Leaflet Review: Jonathan Strange & Mr Norrell by Susanna Clarke

Jonathan Strange & Mr Norrell by Susanna ClarkeToday I’ll be reviewing Jonathan Strange & Mr Norrell, but before I make any comments I have to preface them with a sad, awful fact: I’ve been reading this book since January.

Yeah, it’s a bit of a beastie when it comes to length. My mass market paperback runs to 1,006 pages. But the length was no reason to take so long. Life happened, and my leisure reading suffered for it. As a result, my impressions of this novel are spread over nine months, so take pretty much anything I say about it with a hearty grain of salt.

Especially this first comment: The plot was pretty disjointed and full of vignette-style stories and incidents. That isn’t to say it wasn’t enjoyable, just that it was very, very hard to come back to when I was short on time, especially since I new section and chapter breaks were few and far between (I hardly ever stop mid-scene, but while reading this novel I had to on more than one occasion).

To somewhat support my point, please note that the book is called Jonathan Strange & Mr Norrell and you don’t meet Jonathan Strange until page 243. In fact, I think he is only obliquely mentioned once or twice before then (excluding footnote references), and you only notice the mentions because his name is on the cover.

However, the book is full of delightful descriptions and immersive prose and circumstances (everything about the book is geared to immerse you in the alternate history—even the spelling). If read in a more sustained manner, it would probably be rich with an atmosphere that lingered when you had to put it down. Clarke’s descriptions of fairy things are full of synesthesia and mixed metaphors, and it works perfectly because the fairies are not quite human and live in a place that is just a sidestep shy of our reality. An example: “[The fairy box] was a beautiful shade of blue, but then again not exactly blue, it was more like lilac. But then again, not exactly lilac either, since it had a tinge of grey in it. To be more precise, it was the color of heartache. But fortunately neither Miss Greysteel nor Aunt Greysteel had ever been much troubled by heartache and so they did not recognize it.” The descriptions are brilliant and they’re done with precision and deliberation.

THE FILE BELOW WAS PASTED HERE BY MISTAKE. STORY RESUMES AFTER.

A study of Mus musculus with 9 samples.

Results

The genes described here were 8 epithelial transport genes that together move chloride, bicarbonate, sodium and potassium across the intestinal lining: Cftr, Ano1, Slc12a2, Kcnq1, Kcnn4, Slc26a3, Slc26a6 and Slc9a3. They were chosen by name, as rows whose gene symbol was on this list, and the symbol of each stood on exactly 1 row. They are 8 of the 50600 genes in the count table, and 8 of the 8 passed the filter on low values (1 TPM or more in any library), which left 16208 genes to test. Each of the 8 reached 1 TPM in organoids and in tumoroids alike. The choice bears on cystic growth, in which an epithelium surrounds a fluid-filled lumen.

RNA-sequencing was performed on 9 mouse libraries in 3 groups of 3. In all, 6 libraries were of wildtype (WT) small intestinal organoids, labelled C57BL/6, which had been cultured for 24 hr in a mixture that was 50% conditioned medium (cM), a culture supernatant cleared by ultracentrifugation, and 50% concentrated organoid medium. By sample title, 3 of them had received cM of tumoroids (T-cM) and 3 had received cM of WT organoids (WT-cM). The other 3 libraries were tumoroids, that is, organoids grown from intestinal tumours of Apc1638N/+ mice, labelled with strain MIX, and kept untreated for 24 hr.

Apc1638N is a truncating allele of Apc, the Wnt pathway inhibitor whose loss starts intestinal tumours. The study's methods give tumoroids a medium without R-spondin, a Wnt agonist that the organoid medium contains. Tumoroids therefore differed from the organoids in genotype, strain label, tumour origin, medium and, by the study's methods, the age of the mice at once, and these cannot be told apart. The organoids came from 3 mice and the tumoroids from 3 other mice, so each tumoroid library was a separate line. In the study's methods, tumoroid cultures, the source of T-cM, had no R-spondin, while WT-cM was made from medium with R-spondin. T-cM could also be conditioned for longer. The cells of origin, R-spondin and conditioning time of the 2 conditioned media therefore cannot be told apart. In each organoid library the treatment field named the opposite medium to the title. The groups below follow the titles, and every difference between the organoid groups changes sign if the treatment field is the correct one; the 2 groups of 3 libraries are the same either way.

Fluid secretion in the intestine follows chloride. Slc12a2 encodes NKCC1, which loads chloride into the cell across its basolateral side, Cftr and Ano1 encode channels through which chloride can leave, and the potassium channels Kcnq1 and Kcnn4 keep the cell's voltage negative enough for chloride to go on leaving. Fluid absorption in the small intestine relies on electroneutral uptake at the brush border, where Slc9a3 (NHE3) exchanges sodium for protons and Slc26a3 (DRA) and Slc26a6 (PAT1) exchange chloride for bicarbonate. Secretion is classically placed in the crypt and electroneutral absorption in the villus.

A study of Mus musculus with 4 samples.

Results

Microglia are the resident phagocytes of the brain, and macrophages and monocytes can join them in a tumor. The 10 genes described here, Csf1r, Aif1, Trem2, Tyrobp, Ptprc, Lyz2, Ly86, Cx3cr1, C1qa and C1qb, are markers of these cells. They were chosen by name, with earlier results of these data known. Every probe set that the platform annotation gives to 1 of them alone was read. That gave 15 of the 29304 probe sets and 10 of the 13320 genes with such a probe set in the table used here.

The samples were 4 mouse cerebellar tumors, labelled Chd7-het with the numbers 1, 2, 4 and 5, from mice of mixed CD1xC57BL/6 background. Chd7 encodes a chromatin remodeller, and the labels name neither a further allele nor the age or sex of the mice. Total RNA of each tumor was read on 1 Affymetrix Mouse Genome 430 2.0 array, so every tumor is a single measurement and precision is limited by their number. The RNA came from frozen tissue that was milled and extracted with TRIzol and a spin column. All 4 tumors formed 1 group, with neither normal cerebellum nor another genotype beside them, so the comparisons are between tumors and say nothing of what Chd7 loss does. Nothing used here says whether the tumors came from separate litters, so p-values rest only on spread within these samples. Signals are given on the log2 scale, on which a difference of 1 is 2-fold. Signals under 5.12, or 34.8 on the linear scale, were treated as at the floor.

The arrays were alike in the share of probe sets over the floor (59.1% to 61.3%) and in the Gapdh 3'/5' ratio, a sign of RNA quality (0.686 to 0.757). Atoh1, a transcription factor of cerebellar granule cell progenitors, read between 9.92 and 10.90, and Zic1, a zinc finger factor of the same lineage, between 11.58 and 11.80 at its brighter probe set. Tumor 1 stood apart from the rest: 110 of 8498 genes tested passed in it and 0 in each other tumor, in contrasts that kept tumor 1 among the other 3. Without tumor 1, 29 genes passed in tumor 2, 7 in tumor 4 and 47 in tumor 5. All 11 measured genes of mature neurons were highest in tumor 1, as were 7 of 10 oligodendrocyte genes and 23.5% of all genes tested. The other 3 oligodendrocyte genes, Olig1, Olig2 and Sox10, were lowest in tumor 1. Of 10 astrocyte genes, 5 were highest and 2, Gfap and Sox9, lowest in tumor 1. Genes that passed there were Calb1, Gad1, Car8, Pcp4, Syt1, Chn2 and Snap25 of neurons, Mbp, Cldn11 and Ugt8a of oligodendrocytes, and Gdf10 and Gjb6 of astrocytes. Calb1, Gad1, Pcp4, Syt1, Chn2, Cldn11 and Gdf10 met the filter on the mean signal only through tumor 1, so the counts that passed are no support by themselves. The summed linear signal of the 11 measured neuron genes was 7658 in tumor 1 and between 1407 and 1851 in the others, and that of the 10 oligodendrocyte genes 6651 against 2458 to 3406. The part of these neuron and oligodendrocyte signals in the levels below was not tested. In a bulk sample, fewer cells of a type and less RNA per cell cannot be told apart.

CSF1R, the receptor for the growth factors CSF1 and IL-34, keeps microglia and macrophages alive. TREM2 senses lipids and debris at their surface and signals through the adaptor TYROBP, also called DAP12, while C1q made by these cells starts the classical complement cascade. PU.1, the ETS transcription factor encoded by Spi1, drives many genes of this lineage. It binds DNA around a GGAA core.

Overall, the plotting was not my favorite (probably a symptom of the nine-month read). I think it could have done with more focus and some quicker pacing. Even so, the novel definitely has texture. The worldbuilding is deep and full, complete with folktales (which of course made me happy). The characters are hardly stereotypes, and even when they don’t act exactly as you thought they would, they are still acting perfectly (or perhaps brokenly) human. Mr. Norrell is someone I didn’t like, but I couldn’t help but empathize with him on many occasions.

My final note will be somewhat redemptive for the plot: After I picked the book up for the homestretch sprint of reading I started close to a chapter called “A little box, the color of heartache.” From that chapter on I quite enjoyed the pacing and the conflict up to the finish. The end relied on a bit of what felt like deus ex machina, but what with a prophecy being in the book from the beginning, it isn’t so bad and probably wouldn’t have stung so much if I could actually remember any of the prophecy by the time I got to the end.

Bottom line: I dropped the ball as a reader on this one. Sorry, Susanna Clarke. I’m perfectly willing to give it another try if you put out another book (short story collection excluded for the moment due to the stack of to-read books next to my desk).